Friday, 2 March 2007

Julie Andrews and Catnip Balls

Lets start at the very beginning, a very good place to start… this point I should feel the kiss of rough convent clothe against my trembling thigh, taste the slight back hint of strudel in the air. However I live in the fens where a hill to go to when my heart is lonely consists of an artificially created slight incline courtesy of an old landfill site. It must be this concept of being a virgin blogger that is unconsciously allowing the Maria Von Trapp syndrome to surface.
I was told by those who like to know such things to tell others that all writers should have a blog; no matter how dubious and banal the quality of postings. No doubt Shakespeare would have posted. ‘Have bad head cold. Second best bed delivered. Thinking of writing something more cheerful as box office takings down.’
Wordsworth ‘Dorothy in bad mood following tiff about grocers bill. Coleridge outstaying welcome. Good show of daffodils this year.’
Charlotte Bronte ‘Migraine better. Emily has new shoes. Branwell brought home pissed again.’
I will attempt to post equally banal snippets of life, sure in the knowledge that nothing will remain of my work to be trawled over by future academics or read by generations of readers. No-one will write a thesis on my penchant for dipping Wispa bars in coffee or reading Marquez late at night in between googling my Chinese horoscope. I can vouchsafe that my small household disasters, minor adventures in solitary rural locations and encounters with those who have no idea that they will be spun into the stuff blogs are made of, will slowly peter out into the ether.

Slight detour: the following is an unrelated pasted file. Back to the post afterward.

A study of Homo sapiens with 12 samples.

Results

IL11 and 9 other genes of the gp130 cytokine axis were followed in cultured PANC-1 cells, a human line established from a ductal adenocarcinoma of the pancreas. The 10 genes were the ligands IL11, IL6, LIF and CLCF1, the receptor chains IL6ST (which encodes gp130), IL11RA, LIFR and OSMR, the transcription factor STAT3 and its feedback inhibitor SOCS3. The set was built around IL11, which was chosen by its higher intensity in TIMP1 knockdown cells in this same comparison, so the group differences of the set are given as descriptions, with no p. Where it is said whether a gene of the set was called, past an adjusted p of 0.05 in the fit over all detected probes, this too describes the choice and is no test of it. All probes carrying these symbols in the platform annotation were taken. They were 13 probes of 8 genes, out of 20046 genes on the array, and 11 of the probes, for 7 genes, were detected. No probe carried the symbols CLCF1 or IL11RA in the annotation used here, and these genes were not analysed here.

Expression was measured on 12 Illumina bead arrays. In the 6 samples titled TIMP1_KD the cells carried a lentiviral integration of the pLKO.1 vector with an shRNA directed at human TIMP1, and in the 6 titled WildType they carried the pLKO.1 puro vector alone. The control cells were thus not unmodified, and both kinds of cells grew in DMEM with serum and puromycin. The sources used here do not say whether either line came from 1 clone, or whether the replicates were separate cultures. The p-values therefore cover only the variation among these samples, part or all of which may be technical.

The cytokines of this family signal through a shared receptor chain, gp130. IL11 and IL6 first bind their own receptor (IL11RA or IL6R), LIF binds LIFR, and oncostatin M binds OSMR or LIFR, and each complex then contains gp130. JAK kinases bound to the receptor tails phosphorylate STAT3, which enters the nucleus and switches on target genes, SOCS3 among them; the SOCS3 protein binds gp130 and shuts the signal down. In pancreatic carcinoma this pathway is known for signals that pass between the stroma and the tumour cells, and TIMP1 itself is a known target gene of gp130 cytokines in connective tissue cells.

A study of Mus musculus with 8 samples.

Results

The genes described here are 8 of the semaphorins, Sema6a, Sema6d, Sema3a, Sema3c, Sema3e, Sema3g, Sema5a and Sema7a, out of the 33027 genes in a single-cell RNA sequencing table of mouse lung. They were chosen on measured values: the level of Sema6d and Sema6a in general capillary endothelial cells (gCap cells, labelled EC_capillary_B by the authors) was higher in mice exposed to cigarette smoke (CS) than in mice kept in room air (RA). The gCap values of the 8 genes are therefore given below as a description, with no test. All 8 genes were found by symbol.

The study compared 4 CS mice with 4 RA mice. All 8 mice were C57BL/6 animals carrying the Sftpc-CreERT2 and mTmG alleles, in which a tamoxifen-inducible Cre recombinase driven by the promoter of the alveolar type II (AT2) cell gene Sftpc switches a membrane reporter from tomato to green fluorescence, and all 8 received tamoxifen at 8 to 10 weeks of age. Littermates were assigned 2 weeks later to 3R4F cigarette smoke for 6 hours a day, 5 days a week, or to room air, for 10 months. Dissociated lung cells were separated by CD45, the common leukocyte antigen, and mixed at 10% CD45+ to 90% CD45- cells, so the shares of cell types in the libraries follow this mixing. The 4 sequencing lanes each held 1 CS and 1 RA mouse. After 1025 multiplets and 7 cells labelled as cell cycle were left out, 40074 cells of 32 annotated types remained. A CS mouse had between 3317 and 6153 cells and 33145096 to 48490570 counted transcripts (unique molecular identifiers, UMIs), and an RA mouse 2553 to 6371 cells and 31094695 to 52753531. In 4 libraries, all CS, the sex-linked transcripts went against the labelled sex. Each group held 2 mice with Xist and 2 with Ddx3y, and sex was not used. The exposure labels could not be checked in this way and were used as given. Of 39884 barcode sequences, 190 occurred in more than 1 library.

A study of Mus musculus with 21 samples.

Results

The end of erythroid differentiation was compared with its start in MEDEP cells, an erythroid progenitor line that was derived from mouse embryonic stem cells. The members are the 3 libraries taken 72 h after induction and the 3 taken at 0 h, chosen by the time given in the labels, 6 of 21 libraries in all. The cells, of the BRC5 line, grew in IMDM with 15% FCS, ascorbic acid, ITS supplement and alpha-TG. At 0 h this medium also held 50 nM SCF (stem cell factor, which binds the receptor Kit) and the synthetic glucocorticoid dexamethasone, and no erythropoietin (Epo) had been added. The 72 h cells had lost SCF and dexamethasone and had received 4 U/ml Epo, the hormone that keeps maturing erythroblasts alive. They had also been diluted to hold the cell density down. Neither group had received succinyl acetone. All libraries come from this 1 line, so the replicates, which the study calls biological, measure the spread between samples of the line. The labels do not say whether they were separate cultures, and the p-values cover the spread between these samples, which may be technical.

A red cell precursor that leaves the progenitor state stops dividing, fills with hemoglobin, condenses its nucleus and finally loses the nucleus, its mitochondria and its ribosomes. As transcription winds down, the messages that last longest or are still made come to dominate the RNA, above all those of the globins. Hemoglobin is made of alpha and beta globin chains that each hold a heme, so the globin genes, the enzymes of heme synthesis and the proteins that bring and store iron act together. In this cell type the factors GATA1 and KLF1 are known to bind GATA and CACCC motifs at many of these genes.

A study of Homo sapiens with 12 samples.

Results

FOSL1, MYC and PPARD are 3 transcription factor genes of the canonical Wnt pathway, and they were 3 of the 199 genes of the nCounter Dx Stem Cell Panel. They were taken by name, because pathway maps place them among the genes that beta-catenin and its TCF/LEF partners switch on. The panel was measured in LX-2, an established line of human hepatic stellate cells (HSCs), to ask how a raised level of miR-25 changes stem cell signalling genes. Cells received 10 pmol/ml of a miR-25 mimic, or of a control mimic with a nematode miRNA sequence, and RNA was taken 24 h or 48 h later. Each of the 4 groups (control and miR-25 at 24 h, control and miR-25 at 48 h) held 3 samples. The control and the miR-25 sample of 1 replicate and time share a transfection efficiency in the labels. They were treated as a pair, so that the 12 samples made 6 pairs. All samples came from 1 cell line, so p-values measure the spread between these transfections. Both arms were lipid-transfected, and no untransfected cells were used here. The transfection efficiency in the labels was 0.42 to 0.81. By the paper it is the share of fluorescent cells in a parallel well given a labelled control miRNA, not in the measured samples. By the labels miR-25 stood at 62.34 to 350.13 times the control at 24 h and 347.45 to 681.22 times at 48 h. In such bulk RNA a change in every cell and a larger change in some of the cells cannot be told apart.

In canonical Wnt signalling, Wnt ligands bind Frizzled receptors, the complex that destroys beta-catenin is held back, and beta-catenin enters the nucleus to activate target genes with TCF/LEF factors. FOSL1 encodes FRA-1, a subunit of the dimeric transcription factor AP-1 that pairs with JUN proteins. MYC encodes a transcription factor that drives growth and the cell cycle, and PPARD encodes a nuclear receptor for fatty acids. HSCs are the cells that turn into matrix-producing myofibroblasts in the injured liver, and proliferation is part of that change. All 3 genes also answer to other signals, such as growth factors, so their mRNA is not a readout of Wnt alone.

I am told to be very aware that people you know, people you don’t know and people you’d rather not know will read your blog. It is not a private diary warned a friend, you will be found out, you cannot for a second think you will not be held responsible for the most throw away line written in the middle of the night. I have therefore decided to employ the device of thinking that my mother or my father will assiduously read the blog. Both are dead so this device somehow seems even more powerful as beyond the grave disapproval has a certain cache with female writers and poets who systematically work through such relationships sub textually in everything they write. It will also naturally allow leeway for the shock factor. The prospect of being someone, who in middle age acts at all times in a way that would meet with the total approval of their parents, is appalling. I may behave in a manner they would approve of but of course the interior life is where the wicked mice will play whilst the parental cats are chasing catnip balls in the afterlife.